Rapid growth aside the cyber insurance market remains “frustratingly immature”, according to our CEO, Inga Beale. Despite huge potential, the cyber insurance market has not developed as much as it should have in the past twenty years, she told delegates at the Organisation for Economic Cooperation and Development (OECD) conference in Paris yesterday.

“In 2016, the stand-alone cyber market reached an estimated $3.5 billion in written premiums…many analysts suggest that this figure will double over the next two years, largely driven by EU regulation on Data Protection,” Beale told delegates at the conference, organised in collaboration with Marsh.

Nevertheless, over the past two decades, the cyber insurance market has failed to live up to expectations, she said. “Evidence of the market’s immaturity can be seen in the relatively low take up of cyber insurance. Whereas many businesses have property insurance, only about 20-35% have specific cyber insurance in the US and Europe.”

This is despite an increased awareness of the risks and the fact that public and private organisations are “ripe to attack”. The “Wannacry” ransomware crisis of 2017 infected 200,000 computers across 150 countries, for example.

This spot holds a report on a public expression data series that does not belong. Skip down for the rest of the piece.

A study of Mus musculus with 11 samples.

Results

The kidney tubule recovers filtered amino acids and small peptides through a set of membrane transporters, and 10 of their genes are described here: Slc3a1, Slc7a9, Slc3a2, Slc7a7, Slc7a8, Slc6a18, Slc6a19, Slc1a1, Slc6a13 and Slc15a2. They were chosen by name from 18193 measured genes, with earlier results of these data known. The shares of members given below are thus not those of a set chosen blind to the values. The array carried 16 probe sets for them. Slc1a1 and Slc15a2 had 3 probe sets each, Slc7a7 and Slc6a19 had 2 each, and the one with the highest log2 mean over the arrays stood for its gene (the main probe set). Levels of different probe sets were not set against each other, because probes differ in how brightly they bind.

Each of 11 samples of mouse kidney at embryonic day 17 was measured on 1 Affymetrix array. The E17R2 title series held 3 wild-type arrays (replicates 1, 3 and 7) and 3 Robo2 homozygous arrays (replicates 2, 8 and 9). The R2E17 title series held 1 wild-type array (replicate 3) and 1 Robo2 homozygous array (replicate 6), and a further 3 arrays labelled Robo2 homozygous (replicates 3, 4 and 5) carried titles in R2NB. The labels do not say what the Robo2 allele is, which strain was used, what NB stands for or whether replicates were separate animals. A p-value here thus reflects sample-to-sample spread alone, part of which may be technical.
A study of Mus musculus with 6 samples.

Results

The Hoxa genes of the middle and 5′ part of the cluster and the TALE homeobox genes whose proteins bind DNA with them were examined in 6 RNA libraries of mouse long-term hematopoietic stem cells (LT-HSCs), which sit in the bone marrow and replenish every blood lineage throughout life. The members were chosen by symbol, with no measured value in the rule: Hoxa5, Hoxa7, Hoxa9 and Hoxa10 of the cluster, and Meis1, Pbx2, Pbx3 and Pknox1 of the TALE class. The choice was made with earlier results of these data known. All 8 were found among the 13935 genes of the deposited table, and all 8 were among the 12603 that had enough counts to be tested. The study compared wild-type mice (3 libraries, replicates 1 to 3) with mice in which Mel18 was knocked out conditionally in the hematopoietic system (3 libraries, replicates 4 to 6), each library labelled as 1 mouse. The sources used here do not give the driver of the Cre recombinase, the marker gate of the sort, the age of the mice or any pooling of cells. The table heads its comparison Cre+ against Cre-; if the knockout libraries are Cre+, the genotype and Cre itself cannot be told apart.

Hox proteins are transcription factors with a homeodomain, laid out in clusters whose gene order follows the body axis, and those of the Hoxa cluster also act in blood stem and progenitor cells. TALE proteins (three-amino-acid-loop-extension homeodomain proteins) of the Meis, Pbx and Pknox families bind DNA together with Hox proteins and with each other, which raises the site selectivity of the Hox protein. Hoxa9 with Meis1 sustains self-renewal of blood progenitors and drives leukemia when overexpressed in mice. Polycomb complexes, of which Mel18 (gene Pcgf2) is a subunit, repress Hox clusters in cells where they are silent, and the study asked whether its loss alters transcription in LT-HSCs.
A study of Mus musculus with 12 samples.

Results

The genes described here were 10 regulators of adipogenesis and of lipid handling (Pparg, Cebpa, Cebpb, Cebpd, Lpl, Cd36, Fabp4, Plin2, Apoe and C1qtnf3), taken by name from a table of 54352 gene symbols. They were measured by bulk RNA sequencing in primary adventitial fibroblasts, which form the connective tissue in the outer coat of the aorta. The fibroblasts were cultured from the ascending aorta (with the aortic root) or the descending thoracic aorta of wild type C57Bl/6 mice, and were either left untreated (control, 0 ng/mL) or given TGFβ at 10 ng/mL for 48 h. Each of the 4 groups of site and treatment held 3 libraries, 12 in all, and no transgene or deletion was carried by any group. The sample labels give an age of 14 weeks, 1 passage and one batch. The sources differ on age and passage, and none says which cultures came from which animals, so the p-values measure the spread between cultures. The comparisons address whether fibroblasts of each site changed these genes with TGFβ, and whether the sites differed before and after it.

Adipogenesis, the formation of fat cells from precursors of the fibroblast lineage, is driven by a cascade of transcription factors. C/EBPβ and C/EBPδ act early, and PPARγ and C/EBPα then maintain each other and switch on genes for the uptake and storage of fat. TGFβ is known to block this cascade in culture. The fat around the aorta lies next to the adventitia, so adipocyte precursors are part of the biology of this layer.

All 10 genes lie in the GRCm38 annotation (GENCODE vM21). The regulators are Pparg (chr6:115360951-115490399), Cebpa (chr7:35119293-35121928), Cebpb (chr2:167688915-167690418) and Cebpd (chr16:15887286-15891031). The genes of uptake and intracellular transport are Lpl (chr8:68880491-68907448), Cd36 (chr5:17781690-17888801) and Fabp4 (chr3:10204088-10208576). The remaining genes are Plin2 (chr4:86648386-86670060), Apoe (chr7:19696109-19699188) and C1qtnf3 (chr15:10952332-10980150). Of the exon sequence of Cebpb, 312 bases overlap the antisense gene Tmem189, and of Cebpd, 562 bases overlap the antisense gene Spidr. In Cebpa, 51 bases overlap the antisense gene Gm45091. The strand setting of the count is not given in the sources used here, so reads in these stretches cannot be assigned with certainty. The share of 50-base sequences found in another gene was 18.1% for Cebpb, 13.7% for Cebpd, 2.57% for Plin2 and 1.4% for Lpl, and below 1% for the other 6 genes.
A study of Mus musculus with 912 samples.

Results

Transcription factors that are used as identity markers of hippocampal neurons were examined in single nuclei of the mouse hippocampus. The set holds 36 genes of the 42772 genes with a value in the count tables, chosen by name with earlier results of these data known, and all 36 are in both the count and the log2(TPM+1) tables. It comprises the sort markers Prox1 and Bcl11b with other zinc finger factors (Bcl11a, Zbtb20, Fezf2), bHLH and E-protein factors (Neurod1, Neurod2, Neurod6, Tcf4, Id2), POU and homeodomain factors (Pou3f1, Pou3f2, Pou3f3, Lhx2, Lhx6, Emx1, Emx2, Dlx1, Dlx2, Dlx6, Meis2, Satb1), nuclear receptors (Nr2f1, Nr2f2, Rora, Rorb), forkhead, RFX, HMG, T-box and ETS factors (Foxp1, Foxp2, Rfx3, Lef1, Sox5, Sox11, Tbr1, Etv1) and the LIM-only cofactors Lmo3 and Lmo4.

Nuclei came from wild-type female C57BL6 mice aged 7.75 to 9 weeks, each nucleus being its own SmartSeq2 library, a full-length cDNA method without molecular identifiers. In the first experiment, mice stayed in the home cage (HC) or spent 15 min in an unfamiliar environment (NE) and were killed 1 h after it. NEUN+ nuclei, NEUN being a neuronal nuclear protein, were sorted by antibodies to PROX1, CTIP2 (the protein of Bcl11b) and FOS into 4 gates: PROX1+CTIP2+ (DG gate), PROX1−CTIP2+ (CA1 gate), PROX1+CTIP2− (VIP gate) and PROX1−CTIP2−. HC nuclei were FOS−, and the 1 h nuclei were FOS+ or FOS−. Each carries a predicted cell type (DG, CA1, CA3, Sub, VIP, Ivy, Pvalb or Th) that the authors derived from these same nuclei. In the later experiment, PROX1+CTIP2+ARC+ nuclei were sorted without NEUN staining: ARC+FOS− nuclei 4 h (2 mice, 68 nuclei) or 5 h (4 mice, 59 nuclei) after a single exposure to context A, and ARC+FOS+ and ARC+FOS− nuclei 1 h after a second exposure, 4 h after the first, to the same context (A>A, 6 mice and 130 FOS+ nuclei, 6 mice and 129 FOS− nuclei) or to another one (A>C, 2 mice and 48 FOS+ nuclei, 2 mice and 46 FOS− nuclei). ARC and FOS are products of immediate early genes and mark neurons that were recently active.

Referring to barriers that have blocked the development of the market, Beale highlighted how premiums remain high compared to other classes of insurance. In some cases cyber insurance is up to six times more expensive than property insurance.

Some buyers may be confused over the types of cover available, said the Lloyd’s CEO, while certain policies still don’t cover important losses – like loss of value of intellectual property.

On the underwriting side, difficulties in detecting and pricing the risk, combined with the potential for large losses is forcing some insurers to tread carefully. Meanwhile, the fast changing cyber risk landscape puts pressure on underwriters to ensure they have products that cover new threats, said Beale. This is something the market is tackling head on.

Insurers will “need to take positive and decisive action” to cope with these demands. The market should prioritise co-operation and engagement to better understand the exposures it faces and ultimately improve the products it provides.

“Cyber risk is so complex that we need to be working together, pooling resources and data where possible to come up with solutions that are based on the latest and best information available,” she said.

Summing up the partnership approach, Beale concluded: “The onus is not just on insurers to take action. Governments and public bodies such as the OECD can play an important role too, especially around data. Customers are looking for evidence that insurers will pay out on cyber claims before they purchase. More information on the frequency and impact of cyber-attacks and losses would help inform underwriting.”

The market will only realise this opportunity said Beale if it invests for the future and all parties work together to “build better cyber resilience”.

 Find out about Lloyd's cyber solutions on our dedicated cyber web pages.